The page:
Last Month's Most Accessed Feature: 2D UV: Making nanoscale UV detectors with 2D materials

  • Categories: Detectors

The discovery of graphene, a one-atom-thick layer of carbon with a chicken-wire structure, in 2004 not only led to a Nobel Prize for its discoverers, but also to the uncovering of a whole host of other atom-thick materials, collectively known as two-dimensional (2D) materials. Many of these materials are made up of several layers of atoms for example, transition metal dichalcogenides (TMDs) comprise a layer of a transition metal such as tungsten sandwiched between two layers of a chalcogenide such as sulfur but they are essentially all surface, hence the term 2D.

Between them, 2D materials possess a whole host of interesting properties. Graphene is still their most famous member, with its impressive strength and electrical conductivity, but 2D materials also include semiconductors and insulators. As such, scientists are experimenting with joining different 2D materials together into stacks and combining them with thin films to produce novel nanoscale devices such as transistors and solar cells. Now, they have shown that a similar approach can also be used to produce nanoscale ultraviolet (UV) detectors.

Microcrystalline diamond

To produce their UV detector, Liwei Lin and his colleagues at the University of California, Berkeley in the US combined graphene with a thin film of microcrystalline diamond (MCD) to create a heterojunction that can absorb UV light and then generate a detectable current between two electrodes. This was no easy task, however, because in order to absorb UV light effectively the heterojunction needs to be nice and smooth. Current MCD fabrication techniques, which involve growing the MCD film on a silicon substrate, tend to produce films with fairly rough surfaces, preventing the graphene from forming a smooth junction when deposited on top.

Lin and his team have now found a fairly straightforward solution to this problem, by simply peeling the MCD film from the silicon substrate and turning it over, because the underside of the film is much smoother than the top side. This also allows them to grow a film of tungsten and gold on the top of the MCD film, before turning it over and depositing graphene onto the underside of the film, forming a smooth heterojunction.

The graphene and the tungsten-gold layer then act as the electrodes, with UV light passing through the transparent graphene to be absorbed by the heterojunction. In tests, this novel device proved to be a sensitive and selective UV detector that didn’t suffer from a great deal of background noise.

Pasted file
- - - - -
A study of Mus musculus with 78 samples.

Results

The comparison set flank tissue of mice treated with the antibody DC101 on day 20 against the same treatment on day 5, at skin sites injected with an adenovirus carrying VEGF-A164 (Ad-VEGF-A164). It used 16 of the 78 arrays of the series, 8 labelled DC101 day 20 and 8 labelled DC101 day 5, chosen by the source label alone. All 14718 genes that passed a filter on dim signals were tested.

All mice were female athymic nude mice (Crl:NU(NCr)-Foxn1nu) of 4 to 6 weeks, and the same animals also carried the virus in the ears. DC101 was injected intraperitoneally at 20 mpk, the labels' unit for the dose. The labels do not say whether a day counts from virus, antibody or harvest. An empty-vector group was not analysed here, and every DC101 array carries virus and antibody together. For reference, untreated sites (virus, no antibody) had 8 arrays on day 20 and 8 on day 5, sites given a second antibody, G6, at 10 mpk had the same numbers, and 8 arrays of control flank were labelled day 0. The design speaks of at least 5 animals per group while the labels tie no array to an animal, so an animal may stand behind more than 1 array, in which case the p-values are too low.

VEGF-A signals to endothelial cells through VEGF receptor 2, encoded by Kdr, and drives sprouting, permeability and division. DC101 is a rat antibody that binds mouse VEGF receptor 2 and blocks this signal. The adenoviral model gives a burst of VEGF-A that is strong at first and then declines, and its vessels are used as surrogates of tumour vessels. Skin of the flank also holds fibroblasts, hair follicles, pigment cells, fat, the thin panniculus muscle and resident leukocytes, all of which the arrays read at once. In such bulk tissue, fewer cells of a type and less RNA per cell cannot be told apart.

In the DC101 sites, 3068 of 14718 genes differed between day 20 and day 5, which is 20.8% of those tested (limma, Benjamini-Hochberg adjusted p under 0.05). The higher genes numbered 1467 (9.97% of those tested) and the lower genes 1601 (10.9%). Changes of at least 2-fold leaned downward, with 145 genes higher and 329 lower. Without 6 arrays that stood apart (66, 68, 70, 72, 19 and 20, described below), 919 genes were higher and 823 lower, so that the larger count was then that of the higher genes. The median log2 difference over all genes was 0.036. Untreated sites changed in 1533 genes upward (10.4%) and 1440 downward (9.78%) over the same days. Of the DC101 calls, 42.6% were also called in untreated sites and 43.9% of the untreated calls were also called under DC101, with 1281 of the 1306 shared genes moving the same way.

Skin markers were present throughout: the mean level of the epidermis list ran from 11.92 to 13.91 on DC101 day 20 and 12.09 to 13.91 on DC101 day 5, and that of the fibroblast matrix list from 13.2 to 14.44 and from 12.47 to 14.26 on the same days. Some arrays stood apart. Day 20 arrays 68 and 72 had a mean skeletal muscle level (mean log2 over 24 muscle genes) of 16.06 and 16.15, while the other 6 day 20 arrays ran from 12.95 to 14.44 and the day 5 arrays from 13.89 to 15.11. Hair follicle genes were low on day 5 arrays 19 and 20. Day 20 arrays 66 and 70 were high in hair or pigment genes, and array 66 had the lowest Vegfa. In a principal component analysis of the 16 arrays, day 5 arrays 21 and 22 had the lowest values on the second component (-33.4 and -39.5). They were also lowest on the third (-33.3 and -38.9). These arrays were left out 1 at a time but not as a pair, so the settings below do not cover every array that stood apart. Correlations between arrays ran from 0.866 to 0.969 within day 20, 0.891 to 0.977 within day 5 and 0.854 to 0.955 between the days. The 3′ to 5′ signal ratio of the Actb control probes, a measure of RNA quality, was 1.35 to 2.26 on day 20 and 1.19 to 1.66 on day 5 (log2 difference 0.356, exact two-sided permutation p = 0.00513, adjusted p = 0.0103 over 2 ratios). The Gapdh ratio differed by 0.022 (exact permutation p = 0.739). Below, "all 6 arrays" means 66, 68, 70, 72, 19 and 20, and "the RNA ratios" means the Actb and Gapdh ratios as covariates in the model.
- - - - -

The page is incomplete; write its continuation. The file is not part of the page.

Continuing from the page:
Metal phosphorus trichalcogenides

Taking a slightly different approach, a team of Chinese scientists led by Jun He at the National Center for Nanoscience and Technology in Beijing has shown that a special form of TMD can act as a sensitive UV detector all on its own. This special form of TMD is known as metal phosphorus trichalcogenides (MPTs), which comprise a layer of metal atoms sandwiched between two joint layers of phosphorus and chalcogenide atoms. Like most TMDs, MPTs are semiconductors, but they have a much wider bandgap than TMDs, potentially making them suitable as UV detectors.

To test this potential, He and his colleagues created a stack made up of sheets of an MPT comprising atoms of nickel, phosphorus and sulphur (NiPS3), with these sheets produced by a novel chemical vapor deposition technique. Rather than sandwich the stack between two thin-film electrodes, He and his colleagues attached two chromium and gold nanoelectrodes to either side of the stack, leaving its upper surface free to receive incoming UV light. They found that this stack could detect UV light with a sensitivity that exceeded some existing UV detectors and with minimal background noise.

Chemical and biological sensing is one obvious application for these nanoscale UV detectors, especially as they could easily be incorporated onto chip-based electrophoresis and chromatography systems.

Small (Article in Press): "A solar-blind UV detector based on graphene-microcrystalline diamond heterojunctions"

Advanced Functional Materials (Article in Press): "High-performance ultraviolet photodetector based on a few-layered 2D NiPS3 nanosheet"

Article by Jon Evans

The views represented in this article are solely those of the author and do not necessarily represent those of John Wiley and Sons, Ltd.